10 London Underground Depictions in Horror Film and TV 



10 London Underground Depictions in Horror Film and TV  1

The concept of travelling through a set of underground tunnels should be unsettling. The confined space and lack of immediate escape are enough to set some of us on edge. Add to that, who or what might be down there with you, waiting within the bowels of London.

While the city of London above ground is constantly alive, so is the Underground. Even when the Tube is closed, it doesn’t mean everything just stops. The London Underground is still stirring, twitching and waiting. Thus making it the perfect setting for some horror action.

The criteria for this list has been slightly stretched in places. Whilst it would be preferable to include films and TV episodes that primarily take place or are filmed in the London Underground, with the horror mainly focused on the Tube itself, there aren’t enough of these films or shows.

It’s unsurprising since currently, to film on the Tube, you need to obtain a permit and pay some hefty expenses. As well as this, you are only permitted to film within set times and are required to take out certain insurance in case of damages.

Very quickly, it suddenly makes sense why, despite being a perfect location for one, the Underground is not featured in a ton of B-movie British horror films.

London Underground on Horror Films and TV

Creep 2004

Travelling home on the Tube after attending a party, Kate finds herself trapped in the London Underground. After some creepy encounters with a selection of the city’s underclass, Kate soon realises there is something far more sinister lurking in the Underground. Probably the first film that comes to everyone’s mind is Creep, which successfully delivers some trashy horror fun. Read our review of Creep 2004.

Death Line 1972

Starring Donald Pleasence, Death Line follows a police inspector as he investigates the recent disappearances in the London Underground. With some horrifying revelations, the inspector soon discovers this is not a standard missing persons’ case. Death Line is a fun horror ride, featuring a cameo by horror legend Christopher Lee. Read 10 Things You Didn’t Know About Death Line 1972.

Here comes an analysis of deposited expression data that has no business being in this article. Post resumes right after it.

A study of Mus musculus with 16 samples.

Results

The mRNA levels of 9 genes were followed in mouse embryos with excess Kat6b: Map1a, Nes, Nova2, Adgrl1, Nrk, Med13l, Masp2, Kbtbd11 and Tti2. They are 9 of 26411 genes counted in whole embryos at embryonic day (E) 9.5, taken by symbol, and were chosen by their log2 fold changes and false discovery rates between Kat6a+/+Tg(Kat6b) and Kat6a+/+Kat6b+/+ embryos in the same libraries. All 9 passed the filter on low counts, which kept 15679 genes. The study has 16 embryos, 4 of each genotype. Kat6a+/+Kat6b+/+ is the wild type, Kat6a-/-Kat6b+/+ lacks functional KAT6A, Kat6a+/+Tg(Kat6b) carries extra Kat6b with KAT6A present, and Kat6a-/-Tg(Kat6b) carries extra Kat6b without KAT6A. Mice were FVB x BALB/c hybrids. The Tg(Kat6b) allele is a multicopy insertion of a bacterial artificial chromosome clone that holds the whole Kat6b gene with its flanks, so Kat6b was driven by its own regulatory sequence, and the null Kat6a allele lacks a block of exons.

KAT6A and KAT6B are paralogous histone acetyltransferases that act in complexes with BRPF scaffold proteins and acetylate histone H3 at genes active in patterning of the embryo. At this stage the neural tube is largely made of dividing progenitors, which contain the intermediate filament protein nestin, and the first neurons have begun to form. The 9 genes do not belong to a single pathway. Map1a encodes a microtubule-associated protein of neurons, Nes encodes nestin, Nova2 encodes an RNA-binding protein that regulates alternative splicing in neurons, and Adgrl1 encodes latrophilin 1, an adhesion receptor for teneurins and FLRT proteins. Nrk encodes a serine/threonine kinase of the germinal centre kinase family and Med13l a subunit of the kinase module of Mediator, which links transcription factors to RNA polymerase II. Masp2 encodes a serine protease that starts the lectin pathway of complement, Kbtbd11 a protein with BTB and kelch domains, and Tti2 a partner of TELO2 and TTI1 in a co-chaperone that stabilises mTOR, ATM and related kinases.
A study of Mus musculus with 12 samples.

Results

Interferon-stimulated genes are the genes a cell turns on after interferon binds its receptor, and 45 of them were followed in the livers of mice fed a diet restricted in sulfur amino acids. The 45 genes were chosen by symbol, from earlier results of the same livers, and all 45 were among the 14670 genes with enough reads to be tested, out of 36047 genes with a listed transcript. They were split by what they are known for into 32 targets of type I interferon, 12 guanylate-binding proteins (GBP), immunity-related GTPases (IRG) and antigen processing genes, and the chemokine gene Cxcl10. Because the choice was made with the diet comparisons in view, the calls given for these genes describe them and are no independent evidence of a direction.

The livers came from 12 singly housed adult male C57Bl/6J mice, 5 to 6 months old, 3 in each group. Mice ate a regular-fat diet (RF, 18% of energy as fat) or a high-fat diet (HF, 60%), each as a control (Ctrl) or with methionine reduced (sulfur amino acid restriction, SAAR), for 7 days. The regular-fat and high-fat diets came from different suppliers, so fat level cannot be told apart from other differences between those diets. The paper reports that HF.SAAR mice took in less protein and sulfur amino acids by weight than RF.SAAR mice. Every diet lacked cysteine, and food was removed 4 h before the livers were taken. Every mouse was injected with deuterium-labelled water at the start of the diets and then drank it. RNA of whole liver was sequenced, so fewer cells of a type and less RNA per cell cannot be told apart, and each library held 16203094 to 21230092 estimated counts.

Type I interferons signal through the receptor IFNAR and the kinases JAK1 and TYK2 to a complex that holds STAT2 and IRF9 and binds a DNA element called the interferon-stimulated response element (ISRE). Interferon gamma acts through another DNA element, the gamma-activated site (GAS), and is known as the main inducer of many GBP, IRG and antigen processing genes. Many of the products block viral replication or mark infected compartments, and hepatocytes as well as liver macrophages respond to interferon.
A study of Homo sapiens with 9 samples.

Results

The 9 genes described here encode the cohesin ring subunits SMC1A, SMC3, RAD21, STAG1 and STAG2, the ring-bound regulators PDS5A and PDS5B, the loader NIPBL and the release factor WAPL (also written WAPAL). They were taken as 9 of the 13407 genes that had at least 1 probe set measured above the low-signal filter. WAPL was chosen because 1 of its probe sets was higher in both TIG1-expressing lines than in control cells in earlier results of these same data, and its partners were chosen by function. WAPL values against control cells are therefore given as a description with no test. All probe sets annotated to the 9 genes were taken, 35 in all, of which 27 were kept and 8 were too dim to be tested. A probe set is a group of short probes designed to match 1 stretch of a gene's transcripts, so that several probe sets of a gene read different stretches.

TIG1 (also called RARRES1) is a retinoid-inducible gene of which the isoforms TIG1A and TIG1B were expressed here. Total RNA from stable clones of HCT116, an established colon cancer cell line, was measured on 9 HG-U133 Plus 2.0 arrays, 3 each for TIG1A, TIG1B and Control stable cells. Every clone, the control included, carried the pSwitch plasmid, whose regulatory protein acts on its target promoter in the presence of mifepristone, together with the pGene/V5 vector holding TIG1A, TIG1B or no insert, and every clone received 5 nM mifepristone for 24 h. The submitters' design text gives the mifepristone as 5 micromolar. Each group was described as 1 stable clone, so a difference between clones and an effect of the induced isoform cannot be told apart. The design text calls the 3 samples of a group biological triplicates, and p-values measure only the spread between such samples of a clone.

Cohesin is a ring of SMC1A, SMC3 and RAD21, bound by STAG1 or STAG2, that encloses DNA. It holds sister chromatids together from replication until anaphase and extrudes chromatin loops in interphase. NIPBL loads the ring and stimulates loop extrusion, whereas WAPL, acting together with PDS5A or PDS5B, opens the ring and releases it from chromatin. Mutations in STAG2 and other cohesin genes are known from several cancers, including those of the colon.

Quatermass and the Pit 1967

From Hammer Films Productions, Quatermass and the Pit is a British science-fiction horror film that has gained favourable reviews since its release. After construction workers discover some sinister objects in the London Underground, scientists are called in to investigate. Soon chaos ensues as the residents of London realise they are far from safe. If you’re looking for some older horror fun, give this a shot. Read our review of Quatermass and the Pit 1967.

An American Werewolf in London 1981

New York City backpackers David and Jack decide to take a walking tour of Britain. It’s not long before they discover there is something more hostile than the Yorkshire residents lurking on the moors. Featuring amazing special effects, An American Werewolf in London also depicts some horrific scenes in the London Underground. 10 Things You Didn’t Know About An American Werewolf in London 1981.

Lifeforce 1985

Directed by Tobe Hooper, the cult classic film Lifeforce features an alien race of space vampires taking over London. Whilst not heavily featured, Lifeforce still highlights the horror of the London Underground within the backdrop of an alien invasion. Although, it is a blink and you’ll miss it cameo.

Close Your Eyes 2002

Another fleeting, but unsettling, feature of the London Underground is shown in the thriller Close Your Eyes, also known as Doctor Sleep. An unusual hypnotherapist with a telepathic power has visions of a little girl dying. He soon realises that the girl isn’t just a stranger and might be tied to an even more sinister web of mysteries.

Doctor Who

While more sci-fi orientated, it would be a shame to miss out on several terrifying depictions of the London Underground created in Doctor Who. Even though there are numerous episodes which feature the Underground, Invasion of the Dinosaurs and The Web of Fear particularly convey the ominous and confined feeling of the location.

Adam Adamant Lives!: A Ticket to Terror

Created and produced by some who worked on Doctor Who, Adam Adamant Lives! makes the list with the episode A Ticket to Terror. The plot of which revolves around people vanishing on the Underground. Whilst the series is more adventure focused, some creepy Underground fun is to be had with this addition.

All the Colours of the Dark 1972

This Italian giallo, directed by Sergio Martino, follows Jane Harrison as she tries to escape from a group of devil worshippers after recovering from a car accident. All the Colours of the Dark plays into the idea that while the Underground itself may not pose a risk, those you share it with might.

28 Days Later 2002 and 28 Weeks Later 2007

Finally, it wouldn’t be a list without some mention of these British zombie flicks. Following a group of survivors after an outbreak of a virus, both horror films feature some unsettling depictions of the Underground set within a zombie apocalypse. Read 10 Things You Didn’t Know About 28 Days Later 2002.

What do you think of these films? Do yu know of another horror film or TV with the London Underground? Tell us in the comments section below!